On the morning of Friday, May 31, 2019, as Peter Mutharika was being inaugurated as President of Malawi in Blantyre on the basis of a lawless and unconstitutional election, a wide section of Malawians tuned him out to watch a live broadcast of Lazarus Chakwera announcing his decision to challenge the election result in court. Immediately following the announcement, protests broke out against the Electoral Commission in and around the capital city, where Chakwera commands a lion’s share of political support, delaying Mutharika from taking residence at the State House there.
At the start of the following week, in the middle of the protests, Chakwera unleashed a battalion of seasoned lawyers and an army of evidence gatherers to file his petition in court and begin the arduous work of tendering a mountain of evidence in support of it, naming both the Electoral Commission and Mutharika as respondents to the allegations. Days later, while hosting the US Ambassador to Malawi in his office, Chakwera was teargassed by Police who fired over 200 canisters into the building, creating an international incident that made the news around the world and forced Mutharika to issue a statement blaming no one else but Chakwera for the violence.
Mutharika applied to have Chakwera’s court petition thrown out without trial, arguing that it did not qualify as a petition at all, but on June 21, it was Mutharika’s application which was thrown out. Mutharika’s lawyers immediately moved to appeal to the Supreme Court against the decision to go to trial, but on August 15, his appeal was again thrown out. And so, as a bonafide Petitioner in the case, Chakwera’s evidence and witnesses were allowed to have their day in court, with his voluminous petition taking the longest to be heard, capturing the imagination of the nation with the jaw-dropping testimonies of witnesses who have since become household names: Peter Lackson, Anthony Bendulo, and Daud Suleiman. Their testimony, coupled with electoral documents the Court forced the Electoral Commission to disclose at Chakwera’s request, was effectively the turning point at which it became evident to the whole nation that Mutharika’s defence was in tatters. In retaliation, while Chakwera was battering him in court, Mutharika attended the UN General Assembly in New York and delivered a speech denouncing Chakwera’s followers as terrorists. Though Chakwera was not even in the room at the time, the remarks made it clear to the whole world that Chakwera was inside Mutharika’s head.
Despite that and other public outburst against Chakwera, Mutharika’s nightmare came true on 3rd February, 2020, when Chakwera’s Petition for nullification was among those upheld by the court, ruling that Mutharika’s election had indeed been unlawful and unconstitutional, thus permanently ruining Mutharika’s legacy and relegating his presidency to the undesirable pages of Malawi’s history. While Mutharika immediately began helplessly chasing shadows with feeble attempts to suspend and appeal the court decision, Chakwera’s political machinery was already in place to start implementing the court’s consequential orders with immediate effect. On the one hand, the Speaker of Parliament, a legislator from Chakwera’s party, which has more parliamentarians than any other party, began rolling out the legislative changes the court had ordered for a fresh election. On the other hand, the Public Appointments Committee of Parliament, chaired and dominated by legislators from Chakwera’s party, also began summoning senior Election Officials for public spanking for their incompetence.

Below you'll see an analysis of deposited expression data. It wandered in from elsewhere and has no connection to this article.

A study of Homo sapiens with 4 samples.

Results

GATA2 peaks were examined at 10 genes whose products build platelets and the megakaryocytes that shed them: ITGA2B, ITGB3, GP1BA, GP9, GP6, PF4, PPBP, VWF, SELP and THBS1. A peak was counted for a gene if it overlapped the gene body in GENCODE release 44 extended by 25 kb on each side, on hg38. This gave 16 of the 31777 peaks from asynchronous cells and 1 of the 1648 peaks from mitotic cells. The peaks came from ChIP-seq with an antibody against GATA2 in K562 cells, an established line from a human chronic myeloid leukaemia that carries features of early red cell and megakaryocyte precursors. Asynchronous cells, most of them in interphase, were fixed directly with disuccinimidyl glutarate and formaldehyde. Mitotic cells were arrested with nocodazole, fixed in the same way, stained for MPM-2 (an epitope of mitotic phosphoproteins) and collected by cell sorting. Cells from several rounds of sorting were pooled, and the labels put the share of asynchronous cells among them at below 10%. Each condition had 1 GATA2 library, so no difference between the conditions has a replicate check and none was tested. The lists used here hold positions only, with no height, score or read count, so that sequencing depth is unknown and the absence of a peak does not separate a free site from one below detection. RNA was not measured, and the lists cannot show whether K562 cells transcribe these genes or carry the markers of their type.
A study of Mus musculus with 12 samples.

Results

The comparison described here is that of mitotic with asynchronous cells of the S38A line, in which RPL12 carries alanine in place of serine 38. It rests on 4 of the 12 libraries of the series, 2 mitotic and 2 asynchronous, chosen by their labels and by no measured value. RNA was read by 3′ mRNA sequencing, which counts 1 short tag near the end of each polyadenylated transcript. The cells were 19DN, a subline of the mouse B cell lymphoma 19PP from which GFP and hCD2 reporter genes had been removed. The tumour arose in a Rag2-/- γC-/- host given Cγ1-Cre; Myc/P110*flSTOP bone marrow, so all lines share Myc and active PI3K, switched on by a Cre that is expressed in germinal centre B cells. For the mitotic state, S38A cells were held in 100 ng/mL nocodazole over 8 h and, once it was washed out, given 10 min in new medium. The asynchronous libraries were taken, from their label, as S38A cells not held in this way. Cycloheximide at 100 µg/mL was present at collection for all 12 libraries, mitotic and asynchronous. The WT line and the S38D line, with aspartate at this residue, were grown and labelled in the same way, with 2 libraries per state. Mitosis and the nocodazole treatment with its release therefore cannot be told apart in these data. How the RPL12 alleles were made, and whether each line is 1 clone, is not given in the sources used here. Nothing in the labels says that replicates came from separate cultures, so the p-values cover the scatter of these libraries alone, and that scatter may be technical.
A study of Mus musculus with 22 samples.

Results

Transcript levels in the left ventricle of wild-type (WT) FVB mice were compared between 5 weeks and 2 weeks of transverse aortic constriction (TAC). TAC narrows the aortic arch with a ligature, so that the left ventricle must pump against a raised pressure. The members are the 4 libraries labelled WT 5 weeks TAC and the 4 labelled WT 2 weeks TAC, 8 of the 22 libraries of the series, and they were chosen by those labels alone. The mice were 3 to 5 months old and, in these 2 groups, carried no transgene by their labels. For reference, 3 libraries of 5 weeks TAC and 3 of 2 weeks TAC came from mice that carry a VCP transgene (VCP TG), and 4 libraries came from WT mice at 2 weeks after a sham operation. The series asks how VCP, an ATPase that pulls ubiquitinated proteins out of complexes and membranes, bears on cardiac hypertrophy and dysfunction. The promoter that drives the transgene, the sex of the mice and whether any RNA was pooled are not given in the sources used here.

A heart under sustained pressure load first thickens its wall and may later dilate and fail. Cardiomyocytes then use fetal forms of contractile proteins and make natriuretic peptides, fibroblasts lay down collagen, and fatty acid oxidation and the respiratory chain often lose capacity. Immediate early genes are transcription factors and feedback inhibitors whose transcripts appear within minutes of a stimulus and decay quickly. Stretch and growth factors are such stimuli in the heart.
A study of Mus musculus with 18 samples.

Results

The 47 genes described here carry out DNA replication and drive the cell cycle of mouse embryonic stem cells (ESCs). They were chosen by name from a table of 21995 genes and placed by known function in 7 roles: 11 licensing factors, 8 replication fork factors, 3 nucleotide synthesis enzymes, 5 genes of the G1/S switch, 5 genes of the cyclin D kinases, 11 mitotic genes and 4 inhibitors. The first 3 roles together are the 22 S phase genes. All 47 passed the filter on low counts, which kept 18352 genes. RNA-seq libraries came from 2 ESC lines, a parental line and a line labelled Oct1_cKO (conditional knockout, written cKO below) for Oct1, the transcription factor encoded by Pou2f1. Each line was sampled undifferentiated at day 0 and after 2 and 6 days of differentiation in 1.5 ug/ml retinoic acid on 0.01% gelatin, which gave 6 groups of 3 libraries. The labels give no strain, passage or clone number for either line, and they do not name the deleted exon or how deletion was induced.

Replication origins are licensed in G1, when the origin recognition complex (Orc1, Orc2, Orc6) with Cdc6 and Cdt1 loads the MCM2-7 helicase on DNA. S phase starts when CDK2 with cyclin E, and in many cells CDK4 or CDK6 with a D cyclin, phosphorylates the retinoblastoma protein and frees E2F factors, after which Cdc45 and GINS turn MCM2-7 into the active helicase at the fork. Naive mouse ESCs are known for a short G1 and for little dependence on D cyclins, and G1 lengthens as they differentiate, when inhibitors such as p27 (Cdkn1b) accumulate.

So whether on the Streets, or in the Courts, or in the House of Parliament, Chakwera’s moves and machinery have bested Mutharika and reduced him to a ceremonial and lame duck President. Mutharika will be hoping that the Supreme Court, his final place of refuge, will save his presidency from total collapse. But this is a hope against hope. Mutharika has the unenviable position of seeking relief from the same Supreme Court that summarily dismissed his first incompetently filed appeal in its entirety back in August, which is also the very same chaired by a Chief Justice who recently reported to law enforcement an attempt by Mutharika’s supporters to pervert the course of justice through the bribery of court judges. Worst still is the fact that there at the Supreme Court, Mutharika must make his last stand without the help of the industrious Attorney General, whose office has been deemed partisan and barred from taking any further part in the case. If, on that chilly final day of May, Mutharika was advised to bank on Chakwera assuming the role of a doting religious cleric and retreating to his vestry to watch idly as wolves trampled on the laws of his country and the rights of his fold, he was grossly misled. It was a grave miscalculation to underestimate the one man in the country with both the political organisation and acumen formidable enough to methodically fashion his undoing.